Updated: Apr 15
Less than half of UK salespeople have attended a virtual event in the past year, according to a new report from CRM provider HubSpot.
The study reveals the challenges the industry has faced in moving purely online over the past year.
The survey also reveals that women have adapted better to virtual communication methods such as emails, texts and instant messaging when compared to men, who favour events and social schmoozing at bars and sports events.
Additional findings include:
● Employees aged between 18-40 years old (76%) were more likely to have attended a virtual event compared to their older colleagues (42%), demonstrating an appetite for hybrid events amongst younger people ● Over-55s have had to make the biggest adjustment to remote working as they were more reliant on face-to-face meetings than younger colleagues pre-pandemic ● Since the pandemic, the number of respondents using CRM for business has risen to 40%, up from 25%
Off the back of news about a gender bonus gap in sales, this latest report indicates that there may be rebalancing in how the sales industry works, moving away from old school male-dominated methods to those which young people and women can thrive with.
The drive towards a diverse digital journey
HubSpot’s research has revealed evident differences in behaviour between age and genders in the way people worked before the COVID-19 pandemic. 57% of male respondents preferred meeting prospects at events like trade shows, in comparison to 48% of female respondents. Similarly, 36% of men also favoured meeting potential customers in less formal settings, such as bars or sporting events, compared to 28% of their female colleagues. Additionally, phone calls were also a popular sales tool for 67% of men, but only 53% of women. On the other hand, women seemed to have different preferences in communicating with prospects, favouring written communication, such as email (67%), text (24%) and instant messaging (24%).
However, with the pandemic causing businesses to work remotely, this forced workers to adopt new ways to keep in contact with customers, including using video conferencing tools to replace face-to-face meetings. This didn’t have a big impact on 18-40 year olds as before the pandemic members of this age group were already the heaviest users of instant messaging platforms such as WhatsApp (36%). However, older colleagues over the age of 55 have had to face the biggest rethink, rapidly adding texts (7% increase), WhatsApp (6% increase) and email (9% increase) to their sales strategy.
Virtual events across the sector
The research found that 49% of respondents still hadn’t attended a virtual event during the pandemic. Interestingly, both men and women are attending virtual events approximately the same amount but had preferences for different formats. Men (13%) are nearly three times more likely than women (5%) to attend a virtual version of a traditional trade show, whereas a third of female salespeople had attended a webinar, compared to 28% of male counterparts.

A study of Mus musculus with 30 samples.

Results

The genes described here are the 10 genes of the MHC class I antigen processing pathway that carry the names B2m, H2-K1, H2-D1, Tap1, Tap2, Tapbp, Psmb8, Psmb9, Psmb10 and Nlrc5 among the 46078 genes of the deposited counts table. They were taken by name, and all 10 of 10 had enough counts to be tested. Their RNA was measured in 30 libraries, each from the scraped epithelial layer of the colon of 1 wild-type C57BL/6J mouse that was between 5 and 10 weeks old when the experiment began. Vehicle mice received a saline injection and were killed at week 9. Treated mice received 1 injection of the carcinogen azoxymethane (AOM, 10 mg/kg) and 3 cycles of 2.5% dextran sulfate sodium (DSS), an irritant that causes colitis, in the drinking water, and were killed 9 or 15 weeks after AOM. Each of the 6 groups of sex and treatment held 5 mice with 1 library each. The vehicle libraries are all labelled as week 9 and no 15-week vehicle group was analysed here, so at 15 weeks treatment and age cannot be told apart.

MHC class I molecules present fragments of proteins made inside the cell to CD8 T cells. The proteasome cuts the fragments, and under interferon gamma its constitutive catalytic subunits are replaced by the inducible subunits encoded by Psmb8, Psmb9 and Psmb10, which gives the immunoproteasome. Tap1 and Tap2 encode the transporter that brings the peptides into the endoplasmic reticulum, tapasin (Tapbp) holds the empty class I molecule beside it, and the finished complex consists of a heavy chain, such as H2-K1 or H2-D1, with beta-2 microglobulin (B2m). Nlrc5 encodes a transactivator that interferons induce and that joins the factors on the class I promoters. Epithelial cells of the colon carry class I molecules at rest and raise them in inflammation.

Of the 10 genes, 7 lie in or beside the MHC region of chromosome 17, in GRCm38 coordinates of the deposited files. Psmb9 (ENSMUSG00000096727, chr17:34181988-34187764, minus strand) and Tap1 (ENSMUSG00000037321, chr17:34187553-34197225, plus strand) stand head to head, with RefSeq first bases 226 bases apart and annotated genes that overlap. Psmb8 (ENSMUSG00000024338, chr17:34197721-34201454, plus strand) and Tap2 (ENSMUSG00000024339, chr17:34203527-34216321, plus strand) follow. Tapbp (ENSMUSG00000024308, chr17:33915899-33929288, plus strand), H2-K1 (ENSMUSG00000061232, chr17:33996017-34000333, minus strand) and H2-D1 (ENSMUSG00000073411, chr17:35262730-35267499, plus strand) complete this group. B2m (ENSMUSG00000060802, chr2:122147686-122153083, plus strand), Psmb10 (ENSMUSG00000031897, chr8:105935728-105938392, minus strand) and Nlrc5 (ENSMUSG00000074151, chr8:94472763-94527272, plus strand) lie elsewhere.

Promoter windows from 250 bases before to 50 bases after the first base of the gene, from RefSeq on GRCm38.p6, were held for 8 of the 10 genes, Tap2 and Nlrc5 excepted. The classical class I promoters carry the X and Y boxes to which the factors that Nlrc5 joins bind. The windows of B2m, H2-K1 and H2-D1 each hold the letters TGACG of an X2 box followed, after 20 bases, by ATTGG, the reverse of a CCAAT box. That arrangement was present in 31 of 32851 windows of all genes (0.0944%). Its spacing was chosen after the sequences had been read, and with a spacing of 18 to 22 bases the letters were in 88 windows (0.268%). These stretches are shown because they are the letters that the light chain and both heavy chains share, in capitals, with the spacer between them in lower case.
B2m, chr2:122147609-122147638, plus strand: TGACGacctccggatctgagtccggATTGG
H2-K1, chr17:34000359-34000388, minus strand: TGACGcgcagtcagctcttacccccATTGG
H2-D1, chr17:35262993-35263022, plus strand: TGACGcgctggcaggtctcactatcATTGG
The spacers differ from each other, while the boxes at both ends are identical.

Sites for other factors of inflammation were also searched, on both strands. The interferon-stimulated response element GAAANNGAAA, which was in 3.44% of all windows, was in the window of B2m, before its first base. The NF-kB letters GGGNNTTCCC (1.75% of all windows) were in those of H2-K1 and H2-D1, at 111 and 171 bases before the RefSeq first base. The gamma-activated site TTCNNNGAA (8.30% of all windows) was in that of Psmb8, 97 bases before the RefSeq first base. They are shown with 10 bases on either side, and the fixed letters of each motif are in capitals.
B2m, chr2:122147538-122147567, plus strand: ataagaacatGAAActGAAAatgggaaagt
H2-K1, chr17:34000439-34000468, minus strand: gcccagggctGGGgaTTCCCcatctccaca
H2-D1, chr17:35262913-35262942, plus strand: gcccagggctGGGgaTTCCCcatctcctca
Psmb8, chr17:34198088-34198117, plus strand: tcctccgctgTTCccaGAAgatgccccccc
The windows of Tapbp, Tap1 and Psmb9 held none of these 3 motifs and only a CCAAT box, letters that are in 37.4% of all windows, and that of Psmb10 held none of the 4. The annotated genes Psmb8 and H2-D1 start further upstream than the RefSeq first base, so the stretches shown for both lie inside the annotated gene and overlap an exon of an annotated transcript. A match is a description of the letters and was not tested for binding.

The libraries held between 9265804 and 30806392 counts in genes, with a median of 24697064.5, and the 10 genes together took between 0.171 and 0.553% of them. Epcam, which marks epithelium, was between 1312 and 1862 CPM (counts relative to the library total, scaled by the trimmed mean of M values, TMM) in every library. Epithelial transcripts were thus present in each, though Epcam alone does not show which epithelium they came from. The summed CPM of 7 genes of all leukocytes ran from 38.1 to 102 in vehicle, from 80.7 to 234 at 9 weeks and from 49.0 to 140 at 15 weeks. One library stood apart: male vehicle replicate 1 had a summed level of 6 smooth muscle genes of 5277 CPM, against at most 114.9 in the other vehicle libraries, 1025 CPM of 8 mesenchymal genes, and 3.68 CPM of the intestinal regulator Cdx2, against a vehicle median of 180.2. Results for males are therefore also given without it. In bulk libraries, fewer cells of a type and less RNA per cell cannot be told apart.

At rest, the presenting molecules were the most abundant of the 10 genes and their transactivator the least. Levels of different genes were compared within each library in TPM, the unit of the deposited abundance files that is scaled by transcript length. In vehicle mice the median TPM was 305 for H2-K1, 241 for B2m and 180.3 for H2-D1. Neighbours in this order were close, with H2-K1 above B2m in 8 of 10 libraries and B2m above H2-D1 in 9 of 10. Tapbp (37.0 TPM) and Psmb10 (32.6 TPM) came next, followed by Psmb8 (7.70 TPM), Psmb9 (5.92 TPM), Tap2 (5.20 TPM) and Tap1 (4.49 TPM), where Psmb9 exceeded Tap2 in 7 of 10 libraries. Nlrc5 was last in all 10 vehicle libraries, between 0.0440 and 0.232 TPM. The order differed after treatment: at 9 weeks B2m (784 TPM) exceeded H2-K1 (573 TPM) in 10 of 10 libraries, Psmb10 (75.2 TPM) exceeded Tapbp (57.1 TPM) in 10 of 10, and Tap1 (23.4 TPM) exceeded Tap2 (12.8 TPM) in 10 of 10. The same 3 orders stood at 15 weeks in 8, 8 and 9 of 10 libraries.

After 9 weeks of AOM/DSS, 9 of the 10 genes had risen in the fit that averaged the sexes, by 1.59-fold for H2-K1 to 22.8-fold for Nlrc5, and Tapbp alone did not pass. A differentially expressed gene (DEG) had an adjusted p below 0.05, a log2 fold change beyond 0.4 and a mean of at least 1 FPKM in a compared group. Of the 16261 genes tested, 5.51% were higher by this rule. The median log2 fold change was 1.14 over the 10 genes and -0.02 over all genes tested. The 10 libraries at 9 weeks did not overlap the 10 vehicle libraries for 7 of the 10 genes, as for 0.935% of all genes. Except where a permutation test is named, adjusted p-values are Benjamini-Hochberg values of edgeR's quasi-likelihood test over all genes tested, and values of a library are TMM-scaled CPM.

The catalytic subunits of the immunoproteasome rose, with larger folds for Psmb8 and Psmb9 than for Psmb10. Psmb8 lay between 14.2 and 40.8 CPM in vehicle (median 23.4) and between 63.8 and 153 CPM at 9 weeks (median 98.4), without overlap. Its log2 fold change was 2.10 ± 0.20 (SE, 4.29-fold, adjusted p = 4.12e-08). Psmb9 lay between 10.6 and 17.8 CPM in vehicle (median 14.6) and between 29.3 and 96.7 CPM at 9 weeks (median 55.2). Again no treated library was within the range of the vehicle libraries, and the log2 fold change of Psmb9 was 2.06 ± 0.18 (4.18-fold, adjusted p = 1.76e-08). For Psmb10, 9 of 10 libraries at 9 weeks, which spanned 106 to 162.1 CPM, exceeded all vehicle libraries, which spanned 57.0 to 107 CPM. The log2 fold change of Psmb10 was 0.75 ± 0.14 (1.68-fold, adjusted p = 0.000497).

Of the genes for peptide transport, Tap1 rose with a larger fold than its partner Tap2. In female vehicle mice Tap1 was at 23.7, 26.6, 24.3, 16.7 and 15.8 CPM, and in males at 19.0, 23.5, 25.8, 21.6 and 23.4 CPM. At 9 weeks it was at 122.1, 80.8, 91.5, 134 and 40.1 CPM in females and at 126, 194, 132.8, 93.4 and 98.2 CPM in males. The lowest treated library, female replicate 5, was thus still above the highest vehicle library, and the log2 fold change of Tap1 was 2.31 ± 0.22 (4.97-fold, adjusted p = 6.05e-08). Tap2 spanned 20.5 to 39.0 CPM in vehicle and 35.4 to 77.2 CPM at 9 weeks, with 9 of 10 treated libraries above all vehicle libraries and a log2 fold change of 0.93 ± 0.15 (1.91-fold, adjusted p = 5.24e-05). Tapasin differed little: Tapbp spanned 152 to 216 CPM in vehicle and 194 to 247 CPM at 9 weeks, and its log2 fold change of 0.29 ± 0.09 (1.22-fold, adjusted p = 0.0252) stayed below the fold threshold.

In addition to this, there continues to be an age imbalance in UK sales teams, with 18-40 year olds (76%) more likely to have attended a virtual event rather than the over 55s (42%). Even though in-person events can be expected to make a comeback as the impact of COVID-19 minimises, HubSpot’s report has proven that there is still likely to be an appetite for virtual and hybrid events, particularly amongst younger salespeople.
Emerging tech in the sales industry
Since COVID-19, CRM software has become an emerging technology trend with 40% of businesses using CRM tools to communicate with prospects, up from 25% before the pandemic. In addition, CRM is the only technology that has seen increased usage, with 7% of businesses having moved away from traditional methods such as spreadsheets.
Further to this, video conferencing (40%), followed by sales intelligence and CRM (24%) have been the most important factors leading to financial performance since the pandemic struck.
Crevan O’Malley, Sales Director, EMEA Direct at HubSpot commented, “Although the pandemic has made face-to-face meetings much less common, it’s interesting to see young people and women were less affected by this change as these groups already favoured more text based ways of communicating. In terms of how people communicate, the pandemic has created a somewhat more level playing field across the board. With hybrid and remote working looking increasingly likely to be here to stay, virtual and hybrid events are expected to play a big role in the ‘new normal’ which will potentially allow more people to attend. For instance, female colleagues seem to find virtual events, especially webinars, more engaging to a greater extent, so we’ll likely continue to see a mixture of preferences in the virtual space in years to come. While there’s a growing appetite for hybrid events among a diverse workforce, CRM will continue to evolve into effective platforms for sales, marketing and customer service teams.”